History with High Energy at W Minneapolis –The Foshay

Undoubtedly, folks who are not from Minneapolis will wonder what exactly “the Foshay” means in the W Minneapolis hotel name. But locals will tell you that the Foshay tower is one of the most beloved and most recognizable landmarks in the city.

Built in 1929 for Wilbur Foshay—a businessman who amassed a fortune–the 32- story limestone-clad building was fashioned after the Washington monument (which had impressed Foshay as a child). Using an existing two-story structure as its base, the tapering tower was constructed on top.  No expense was spared in what was to be Mr. Foshay’s company headquarters. Mahogany and marble, terrazzo, a silver and gold-plated ceiling–the Art Deco interior epitomized the golden age of the 1920s. Its crowning glory? an observation deck on the 30th floor which offered a 360 degree view of the city and Mississippi River.

Alas, the timing was dismal. Shortly after its extravagant opening, the onset of the Great Depression hit. Foshay lost all—even the check for $20,000 to John Philip Sousa bounced; he had been commissioned and composed a special march for the opening event.

Fast forward to 2008. After the Starwood company bought the property and poured millions of dollars to restore the declining building, the Foshay tower was returned to its former Art Deco glory. Re-emerging as a W hotel, it married history with high energy, classic with hipster. 

No where is this more apparent than upon entering the building– a long corridor stretches towards a glowing pink-lit suffused check-in desk. blank

To the right of the corridor, guests pass by the Living Room–a sprawling main floor bar area of the W’s—filled with upholstered chairs and sofas, freestanding fireplaces, and a 40-foot long bar, usually occupied by cool and beautiful people of all ages.

As city hip as it all feels, the staff are down-home friendly, helpful, and knowledgeable about the city.blank

There are 229 rooms  and suites in the hotel—ranging from a “Wonderful Room” to the “Extreme Wow Suite”–reached by the historic updated elevators that require your room card to be swiped before you can punch in the floor of your room—always a good security gesture.

My corner room on the 25th floor was a “Marvelous Suite”. A living/sitting room area was big enough to have a party in and included a comfortable sofa, flat screen t.v. and coffee table with Chanel and Gucci fashion books, plus a pretty-in-hot-pink “ MIX bar, and entertainment center. blank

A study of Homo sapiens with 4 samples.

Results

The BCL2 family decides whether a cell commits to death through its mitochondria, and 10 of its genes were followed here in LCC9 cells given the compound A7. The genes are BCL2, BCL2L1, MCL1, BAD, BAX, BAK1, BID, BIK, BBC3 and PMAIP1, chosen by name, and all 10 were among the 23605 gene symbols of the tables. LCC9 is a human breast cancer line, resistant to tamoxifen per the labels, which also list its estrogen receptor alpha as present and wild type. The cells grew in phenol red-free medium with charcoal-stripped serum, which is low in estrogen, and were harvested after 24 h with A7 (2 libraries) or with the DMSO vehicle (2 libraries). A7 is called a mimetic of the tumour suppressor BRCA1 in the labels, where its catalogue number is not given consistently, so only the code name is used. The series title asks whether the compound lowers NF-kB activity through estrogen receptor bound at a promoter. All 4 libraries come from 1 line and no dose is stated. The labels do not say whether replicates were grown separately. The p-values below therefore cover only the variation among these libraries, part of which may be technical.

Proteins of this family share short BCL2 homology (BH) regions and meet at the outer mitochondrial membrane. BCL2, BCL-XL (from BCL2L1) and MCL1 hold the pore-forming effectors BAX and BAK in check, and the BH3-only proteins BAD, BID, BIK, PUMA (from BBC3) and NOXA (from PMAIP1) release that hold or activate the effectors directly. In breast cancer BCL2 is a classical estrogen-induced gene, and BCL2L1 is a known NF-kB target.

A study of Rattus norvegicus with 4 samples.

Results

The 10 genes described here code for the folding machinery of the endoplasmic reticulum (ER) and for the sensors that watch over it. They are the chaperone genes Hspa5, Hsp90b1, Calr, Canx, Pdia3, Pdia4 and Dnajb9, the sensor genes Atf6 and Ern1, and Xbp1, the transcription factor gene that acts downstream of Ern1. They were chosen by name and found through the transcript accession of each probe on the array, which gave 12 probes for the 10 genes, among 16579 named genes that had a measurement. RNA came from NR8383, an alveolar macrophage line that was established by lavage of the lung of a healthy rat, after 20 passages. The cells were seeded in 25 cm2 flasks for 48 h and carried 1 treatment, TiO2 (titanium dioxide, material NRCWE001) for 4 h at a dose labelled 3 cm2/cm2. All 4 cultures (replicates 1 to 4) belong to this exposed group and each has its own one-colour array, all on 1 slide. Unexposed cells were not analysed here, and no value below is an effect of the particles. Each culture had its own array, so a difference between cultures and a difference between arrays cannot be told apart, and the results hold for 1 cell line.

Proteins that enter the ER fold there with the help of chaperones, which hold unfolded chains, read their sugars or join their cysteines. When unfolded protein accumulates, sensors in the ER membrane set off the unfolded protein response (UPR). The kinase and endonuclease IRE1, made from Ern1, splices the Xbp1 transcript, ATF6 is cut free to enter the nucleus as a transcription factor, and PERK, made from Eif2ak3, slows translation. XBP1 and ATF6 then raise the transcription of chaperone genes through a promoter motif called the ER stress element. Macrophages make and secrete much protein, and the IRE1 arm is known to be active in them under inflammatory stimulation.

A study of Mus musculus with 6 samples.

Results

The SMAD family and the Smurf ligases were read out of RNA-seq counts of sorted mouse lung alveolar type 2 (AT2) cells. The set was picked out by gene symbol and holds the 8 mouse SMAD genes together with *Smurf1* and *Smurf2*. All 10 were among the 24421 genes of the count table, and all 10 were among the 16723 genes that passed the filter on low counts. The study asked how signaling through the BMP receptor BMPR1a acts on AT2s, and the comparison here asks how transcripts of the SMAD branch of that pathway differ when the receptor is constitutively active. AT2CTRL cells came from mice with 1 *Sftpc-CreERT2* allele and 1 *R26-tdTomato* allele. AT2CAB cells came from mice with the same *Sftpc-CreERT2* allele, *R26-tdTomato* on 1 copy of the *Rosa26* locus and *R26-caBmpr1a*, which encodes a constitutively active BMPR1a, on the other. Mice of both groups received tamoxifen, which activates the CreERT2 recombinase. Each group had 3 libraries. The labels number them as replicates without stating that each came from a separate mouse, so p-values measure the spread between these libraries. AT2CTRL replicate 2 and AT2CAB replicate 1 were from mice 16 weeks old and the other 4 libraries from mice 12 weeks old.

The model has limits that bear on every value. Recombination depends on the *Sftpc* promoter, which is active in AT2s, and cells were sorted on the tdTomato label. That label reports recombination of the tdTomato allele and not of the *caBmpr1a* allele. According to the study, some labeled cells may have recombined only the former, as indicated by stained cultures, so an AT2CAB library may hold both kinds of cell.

Workaholics will find a desk with plenty of plugins –and a lovely view. blankThe curved windowed corner of the room had been made into a dining alcove. blank

Before arrival, I was emailed and asked if I had special interests—(not uncommon with the W hotel’s booking procedures). As a result, a “welcome” gift of delicious local chocolates, bottle of bubbly and books cut in the shape of my initials definitely managed to reflect my response—one of the personal luxury touches this high end property often provides.

The separate bedroom featured the comfortable signature W bed (king-sized) –another of my favorite reasons for staying in any W hotel—along with the requisite linens and duvet. blank

The spacious bathroom reflected the bedroom’s sophisticated blacks and whites –but surprisingly had only one sink (and what’s with these flat-bottom sinks anyway? They’re cool looking, but totally impractical). But I loved the separate walk-in rainforest shower, the fantastic soaking tub that overlooked the city lights—and of course the slippers, bathrobes (two), plenty of plush towels, and Bliss amenities that are also part of the package. blank

Wi-fi is $12.95 daily (Really?), but as a Starwood member (sign-up is easy and free), wi-fi is complimentary. The FIT gym is fully equipped with state-of-the-art equipment and accessible with your hotel key. Although I did not take advantage of them, spa services are available with the W’s Whatever/Whenever service –which can arrange them (with advance booking) in their special spa treatment rooms.

The W Minneapolis-Foshay is smack dab in downtown and near numerous restaurants; but the steak emporium, Manny’s—is part of the hotel and can be entered directly from the W lobby. For breakfast, staff often suggests taking a few short steps to the local family-run institution of Key’s Cafe –renowned for its huge pancakes, cinnamon rolls and more. One of my personal favorite downtown breakfast spots, Hell’s Kitchen and its Angel Food Bakery, are just up the street.

At night time, there’s nothing like the hotel’s Prohibition Bar on the 27th floor.  Located in what was to be Mr. Foshay’s original mahogany –paneled boardroom, several pieces of his furniture are featured here and the clubby ambiance gives it that speakeasy intimate vibe. blank The view is lovely if you’re at a table near a window here. But for the best views, you need to go up to the Foshay’s 30th floor ‘s observation deck—the only one in the city. Nowadays, there’s a small museum attached to it. (Guests have free access to the museum and deck during its open hours; outside visitors need to pay $8.)

From this vantage point (the highest in Minneapolis until 1972), the Foshay tower feels just a bit dwarfed—with all the tall buildings that now surround it; but it’s still a wonderful view and a great spot to see how the city has grown, and the skyline has changed.

Room rates start out at approximately $259 and go upwards–depending on the season and city events. Valet parking is $38 a day. For more information, or to make reservations, check the website. You can also book through Priceline.

Review and photos by Donna Tabbert Long who was a guest of the hotel for purposes of a review.